The Syria civil war is the greatest humanitarian crisis experienced by my generation. Over the last few years I've watched leaders on both sides of the House let a crisis turn into a catastrophe through inaction. Jo Cox was one of the few MP who fought, with courage and dignity, for a credible strategy to protect civilians in Syria. To me she represented the proudest traditions of the Labour Party. The Labour Party of progressive internationalism, that led action to protect civilians in Kosovo and Sierra Leone, that was unequivocal in its opposition to Apartheid in South Africa.
She understood that the British government and the Labour Party should never turn its back on the world. In a year in which I've struggled to reconcile my differences with the Labour Party leadership, I looked at the likes of Jo Cox as the bearers of Labour's internationalist flame. It's MPs like her who kept me within the Labour Party and kept me fighting.
I heard about her killing on Thursday evening. I was in Lille in northern France, outside a bar in the central square, enjoying a few drinks and celebrating England's victory over Wales that day. I checked my phone and saw the news. I couldn't bring myself to go on social media until I arrived home in London two days later. I was simply getting too upset. I guess that by reading just one news stories, I felt I could deny what had happened. I could bury my head in a plastic cup of beer and tell myself that it did not happen, that it could not have happened.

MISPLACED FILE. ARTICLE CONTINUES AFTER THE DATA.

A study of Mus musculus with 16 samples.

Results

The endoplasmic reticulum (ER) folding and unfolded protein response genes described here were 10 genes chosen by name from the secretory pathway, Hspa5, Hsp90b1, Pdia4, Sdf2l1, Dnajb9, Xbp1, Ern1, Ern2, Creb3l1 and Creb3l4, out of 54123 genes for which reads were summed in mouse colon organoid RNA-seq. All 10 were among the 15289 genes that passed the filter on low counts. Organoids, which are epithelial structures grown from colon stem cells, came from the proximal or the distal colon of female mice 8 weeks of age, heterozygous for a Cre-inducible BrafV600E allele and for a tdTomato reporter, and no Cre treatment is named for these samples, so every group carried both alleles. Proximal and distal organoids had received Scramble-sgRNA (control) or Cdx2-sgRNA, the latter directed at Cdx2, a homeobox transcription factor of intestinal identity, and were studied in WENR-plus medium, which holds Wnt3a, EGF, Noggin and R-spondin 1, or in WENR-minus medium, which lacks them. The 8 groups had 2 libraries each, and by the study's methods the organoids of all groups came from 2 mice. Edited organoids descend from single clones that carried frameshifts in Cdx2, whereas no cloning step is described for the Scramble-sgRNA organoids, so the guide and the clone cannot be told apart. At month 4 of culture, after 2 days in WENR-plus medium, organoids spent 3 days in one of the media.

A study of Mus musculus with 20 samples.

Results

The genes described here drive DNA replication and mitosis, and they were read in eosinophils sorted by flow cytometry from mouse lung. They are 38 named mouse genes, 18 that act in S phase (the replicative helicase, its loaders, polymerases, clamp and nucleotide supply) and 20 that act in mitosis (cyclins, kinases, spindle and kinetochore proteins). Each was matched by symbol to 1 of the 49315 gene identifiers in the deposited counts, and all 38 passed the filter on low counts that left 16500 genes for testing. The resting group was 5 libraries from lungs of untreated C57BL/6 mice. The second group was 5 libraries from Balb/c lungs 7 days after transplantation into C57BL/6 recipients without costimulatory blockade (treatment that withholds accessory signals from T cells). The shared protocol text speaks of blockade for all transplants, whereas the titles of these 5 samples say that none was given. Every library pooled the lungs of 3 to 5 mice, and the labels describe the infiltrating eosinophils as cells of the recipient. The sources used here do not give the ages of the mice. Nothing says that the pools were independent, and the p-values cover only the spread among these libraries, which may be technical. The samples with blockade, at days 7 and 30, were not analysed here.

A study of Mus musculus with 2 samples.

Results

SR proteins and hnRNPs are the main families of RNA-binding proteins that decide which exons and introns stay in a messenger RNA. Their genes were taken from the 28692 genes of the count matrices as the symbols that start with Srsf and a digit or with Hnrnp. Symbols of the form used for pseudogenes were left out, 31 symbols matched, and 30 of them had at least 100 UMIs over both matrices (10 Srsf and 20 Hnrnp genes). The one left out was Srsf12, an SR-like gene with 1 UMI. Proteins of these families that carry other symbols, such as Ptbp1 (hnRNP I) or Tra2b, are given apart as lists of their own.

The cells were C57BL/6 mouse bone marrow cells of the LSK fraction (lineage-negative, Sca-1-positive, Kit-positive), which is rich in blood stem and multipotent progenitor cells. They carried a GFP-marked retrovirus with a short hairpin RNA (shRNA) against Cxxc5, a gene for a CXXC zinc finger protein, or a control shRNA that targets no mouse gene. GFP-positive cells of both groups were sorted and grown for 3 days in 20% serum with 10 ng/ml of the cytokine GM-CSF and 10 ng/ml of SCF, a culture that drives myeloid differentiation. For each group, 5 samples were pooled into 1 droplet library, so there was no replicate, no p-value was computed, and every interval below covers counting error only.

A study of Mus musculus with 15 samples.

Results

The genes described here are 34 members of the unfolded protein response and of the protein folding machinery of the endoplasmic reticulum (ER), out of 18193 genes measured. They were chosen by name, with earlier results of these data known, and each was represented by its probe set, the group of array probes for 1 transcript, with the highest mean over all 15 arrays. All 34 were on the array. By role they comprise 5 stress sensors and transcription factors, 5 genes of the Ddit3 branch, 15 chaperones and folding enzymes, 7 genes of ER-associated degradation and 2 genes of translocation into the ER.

Jo's work in Parliament touched and changed lives. Alongside Andrew Mitchell she set up the Friends of Syria all-party group and opened the doors to Syrian voices in parliament. Her tireless work changed government policy. Because of her campaigning we as a country agreed to double our own aid to Syria. You only have to see the outpouring of grief from the Syrian Solidarity Campaign and Syrian White Helmet to see how this MP from Batley and Spen touched their lives. It's the Syrian White Helmets who risk their lives daily to protect civilians in Syria, and in Jo Cox they knew they had a comrade.
Although I came down in favour of extending airstrikes against ISIS in Syria, I won't forget her principled stand to abstain on that vote. Her statement was full of her steely grit and pragmatism, and her deep humanity. Her arguments were clear headed and nuanced. It was clear she had little time for the grandstanding and posturing of some of her colleagues.
Jo Cox was one of bravest and most outspoken champions of the rights of refugees. I am so sad that she is gone because when she spoke I hoped the world would listen. A humanitarian to the core, her plea to allow 3,000 unaccompanied child refugees into the country was one of the most powerful and emotive I heard. She had little time for party-political games and was a model for doing politics differently. Even as a new MP she would reach across party lines. For her it was about getting things done, not party political point-scoring. In this she has taught me a lot.
It feels strange being heartbroken over the passing of someone you never met. Yet Jo Cox rekindled my faith in politicians and for that I'll be forever grateful. I know her legacy will inspire me for years to come.